DRY HEAT METHODS
In this method food is cooked in a heated metal or frying pan without covering it. Eg. Groundnut.
1. Quick method of cooking.
2. It improves the appearance, flavour and texture of the food.
3. Spices are easily powdered if they are first roasted.
1. Food can be scorched due to carelessness.
2. Roasting denatures proteins reducing their availability.
Grilling or broiling refers to the cooking of food by exposing it to direct heat. In this method food is placed above or in between a red hot surface. Papads, corn, phulkas, chicken can be prepared by this method.
1. Enhances flavour, appearance and taste of the product.
2. It requires less time to cook.
3. Minimum fat is used.
Constant attention is required to prevent charring.
This is a method where food is kept between two heated elements to facilitate browning on both sides. Bread slices are cooked by toasting.
Easy and quick method.
1. Special equipment required.
2. Careful monitoring is needed to prevent charring.
In this method, the food gets cooked in an oven or oven-like appliance by dry heat. The temperature range maintained in an oven is 120 o C - 260 o C.
The food is usually kept uncovered in a container greased with a fat coated paper. Bread, cake, biscuits, pastries and meat are prepared by this method.
1. Baking lends a unique baked flavour to foods.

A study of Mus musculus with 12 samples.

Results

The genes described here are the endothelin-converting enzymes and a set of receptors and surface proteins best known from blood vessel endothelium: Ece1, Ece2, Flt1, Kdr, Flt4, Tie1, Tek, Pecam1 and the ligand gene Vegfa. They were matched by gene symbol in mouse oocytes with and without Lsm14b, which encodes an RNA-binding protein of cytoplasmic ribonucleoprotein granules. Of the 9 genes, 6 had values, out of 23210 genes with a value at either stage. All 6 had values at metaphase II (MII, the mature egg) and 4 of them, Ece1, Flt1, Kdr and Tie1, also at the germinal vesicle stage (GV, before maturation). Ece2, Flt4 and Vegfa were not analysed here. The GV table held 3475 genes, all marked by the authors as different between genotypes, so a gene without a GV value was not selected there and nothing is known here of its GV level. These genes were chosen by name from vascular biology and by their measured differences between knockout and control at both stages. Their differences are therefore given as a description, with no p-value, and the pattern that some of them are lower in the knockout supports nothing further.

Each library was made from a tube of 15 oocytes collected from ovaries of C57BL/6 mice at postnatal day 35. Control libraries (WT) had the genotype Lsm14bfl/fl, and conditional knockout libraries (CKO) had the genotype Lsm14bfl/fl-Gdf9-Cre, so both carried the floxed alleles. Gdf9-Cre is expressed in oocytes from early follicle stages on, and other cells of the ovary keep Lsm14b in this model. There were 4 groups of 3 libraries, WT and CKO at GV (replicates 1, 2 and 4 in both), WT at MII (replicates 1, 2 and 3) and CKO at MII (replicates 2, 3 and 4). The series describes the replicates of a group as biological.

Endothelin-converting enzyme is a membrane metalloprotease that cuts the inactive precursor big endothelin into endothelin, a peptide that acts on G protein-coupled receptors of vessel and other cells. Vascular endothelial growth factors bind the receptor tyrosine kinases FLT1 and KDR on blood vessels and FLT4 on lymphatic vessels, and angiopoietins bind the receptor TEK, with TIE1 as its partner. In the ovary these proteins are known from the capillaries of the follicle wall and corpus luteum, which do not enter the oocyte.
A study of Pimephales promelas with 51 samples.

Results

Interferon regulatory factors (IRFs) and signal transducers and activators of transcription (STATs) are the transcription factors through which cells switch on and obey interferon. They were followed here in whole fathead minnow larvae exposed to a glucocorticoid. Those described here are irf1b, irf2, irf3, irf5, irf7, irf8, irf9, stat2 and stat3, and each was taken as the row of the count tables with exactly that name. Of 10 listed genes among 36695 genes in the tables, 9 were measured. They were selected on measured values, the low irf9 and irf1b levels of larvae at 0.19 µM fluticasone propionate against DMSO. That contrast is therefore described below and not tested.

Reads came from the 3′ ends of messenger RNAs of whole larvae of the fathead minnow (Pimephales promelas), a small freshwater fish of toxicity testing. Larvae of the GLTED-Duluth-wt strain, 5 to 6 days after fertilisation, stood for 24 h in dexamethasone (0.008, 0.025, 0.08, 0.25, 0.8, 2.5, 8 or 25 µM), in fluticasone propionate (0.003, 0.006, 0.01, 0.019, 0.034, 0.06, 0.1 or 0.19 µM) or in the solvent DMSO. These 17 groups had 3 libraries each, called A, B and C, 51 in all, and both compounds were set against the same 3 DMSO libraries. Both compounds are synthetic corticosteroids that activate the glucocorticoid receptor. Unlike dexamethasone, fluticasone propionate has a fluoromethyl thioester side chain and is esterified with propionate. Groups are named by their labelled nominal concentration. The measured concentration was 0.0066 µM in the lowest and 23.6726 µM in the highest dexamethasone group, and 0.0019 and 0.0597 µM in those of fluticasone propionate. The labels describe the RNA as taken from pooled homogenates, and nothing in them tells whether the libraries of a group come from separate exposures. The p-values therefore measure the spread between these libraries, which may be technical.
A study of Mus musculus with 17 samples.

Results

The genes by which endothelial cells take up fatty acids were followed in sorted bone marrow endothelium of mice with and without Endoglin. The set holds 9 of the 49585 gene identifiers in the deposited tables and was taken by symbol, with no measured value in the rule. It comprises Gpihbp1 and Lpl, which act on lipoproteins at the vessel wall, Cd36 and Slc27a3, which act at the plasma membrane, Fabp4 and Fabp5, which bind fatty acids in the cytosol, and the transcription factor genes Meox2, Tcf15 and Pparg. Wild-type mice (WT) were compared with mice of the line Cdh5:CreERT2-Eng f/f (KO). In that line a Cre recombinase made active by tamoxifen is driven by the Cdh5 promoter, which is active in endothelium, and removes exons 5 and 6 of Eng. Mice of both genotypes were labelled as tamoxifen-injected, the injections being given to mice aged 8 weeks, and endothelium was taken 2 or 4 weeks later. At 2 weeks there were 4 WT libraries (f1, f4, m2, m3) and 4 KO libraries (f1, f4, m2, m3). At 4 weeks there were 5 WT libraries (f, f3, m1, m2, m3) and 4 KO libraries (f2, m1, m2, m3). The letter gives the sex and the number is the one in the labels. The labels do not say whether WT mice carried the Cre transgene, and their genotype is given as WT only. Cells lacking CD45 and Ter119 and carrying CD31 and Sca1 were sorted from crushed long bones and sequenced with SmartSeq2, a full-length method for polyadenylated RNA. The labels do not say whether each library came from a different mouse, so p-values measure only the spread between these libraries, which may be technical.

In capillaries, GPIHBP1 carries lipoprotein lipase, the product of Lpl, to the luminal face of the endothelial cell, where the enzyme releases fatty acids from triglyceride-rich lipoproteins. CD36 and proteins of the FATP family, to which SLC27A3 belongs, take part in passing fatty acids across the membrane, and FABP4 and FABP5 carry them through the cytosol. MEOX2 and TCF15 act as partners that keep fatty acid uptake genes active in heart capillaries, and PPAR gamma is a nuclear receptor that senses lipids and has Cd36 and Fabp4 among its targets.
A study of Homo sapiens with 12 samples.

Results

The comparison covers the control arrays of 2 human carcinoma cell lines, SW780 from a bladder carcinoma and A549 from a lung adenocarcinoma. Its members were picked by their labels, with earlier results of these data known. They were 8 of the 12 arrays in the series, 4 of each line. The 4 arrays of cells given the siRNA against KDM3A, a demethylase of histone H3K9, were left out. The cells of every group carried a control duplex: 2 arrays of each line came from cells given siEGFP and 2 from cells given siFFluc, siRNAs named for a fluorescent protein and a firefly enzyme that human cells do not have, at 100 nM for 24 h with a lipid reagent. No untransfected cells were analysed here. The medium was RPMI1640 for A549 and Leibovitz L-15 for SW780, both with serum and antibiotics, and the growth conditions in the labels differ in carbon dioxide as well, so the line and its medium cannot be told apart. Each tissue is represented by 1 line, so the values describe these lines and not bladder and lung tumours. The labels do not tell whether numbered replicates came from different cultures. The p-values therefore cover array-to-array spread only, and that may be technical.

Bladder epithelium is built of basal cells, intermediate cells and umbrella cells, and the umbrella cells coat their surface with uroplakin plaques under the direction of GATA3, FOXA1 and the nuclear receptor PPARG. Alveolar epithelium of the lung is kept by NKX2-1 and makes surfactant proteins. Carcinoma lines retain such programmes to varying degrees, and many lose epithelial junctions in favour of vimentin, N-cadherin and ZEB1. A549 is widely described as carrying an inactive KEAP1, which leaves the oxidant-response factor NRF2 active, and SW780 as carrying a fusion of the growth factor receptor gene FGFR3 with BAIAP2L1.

2. Foods become light and fluffy - cakes, custards, bread.
3. Certain foods can be prepared only by this method - bread, cakes.
4. Uniform and bulk cooking can be achieved. Eg. bun, bread.
5. Flavour and texture are improved.
Variety of dishes can be made.
1. Special equipment like oven is required.
2. Baking skills are necessary to obtain a product with ideal texture, flavour and colour characteristics.
3. Careful monitoring needed to prevent scorching.
Sauteing is a method in which food is lightly tossed in little oil just enough to cover the base of the pan. The pan is covered with a lid and the flame or intensity of heat is reduced.
The food is allowed to cook till tender in its own steam. The food is tossed occasionally, or turned with a spatula to enable all the pieces to come in contact with the oil and get cooked evenly.
The product obtained by this method is slightly moist and tender but without any liquid or gravy. Foods cooked by sauteing are generally vegetables which are used as side dishes in a menu. Sauteing can be combined with other methods to produce variety in meals.
1. Takes less time.
2. Simple technique.
3. Minimum oil is used.
1. Constant attention is needed as there is chance of scorching or burning.
In this method, the food to be cooked is brought into contact with larger amount of hot fat. When food is totally immersed in hot oil, it is called deep fat frying. Samosa, chips, pakoda are examples of deep fat fried foods. In shallow fat frying, only a little fat is used and the food is turned in order that both sides are browned. Eg. Omlette, cutlets, parathas.
2. Very quick method of cooking.
3. The calorific values of food is increased since fat is used as the cooking media.
4. Frying lends a delicious flavour and attractive appearance to foods.
5. Taste and texture are improved.
1. Careful monitoring is required as food easily gets charred when the smoking temperature is not properly maintained.
2. The food may become soggy due to too much oil absorption.
3. Fried foods are not easily digested.
4. Repeated use of heated oils will have ill effects on health.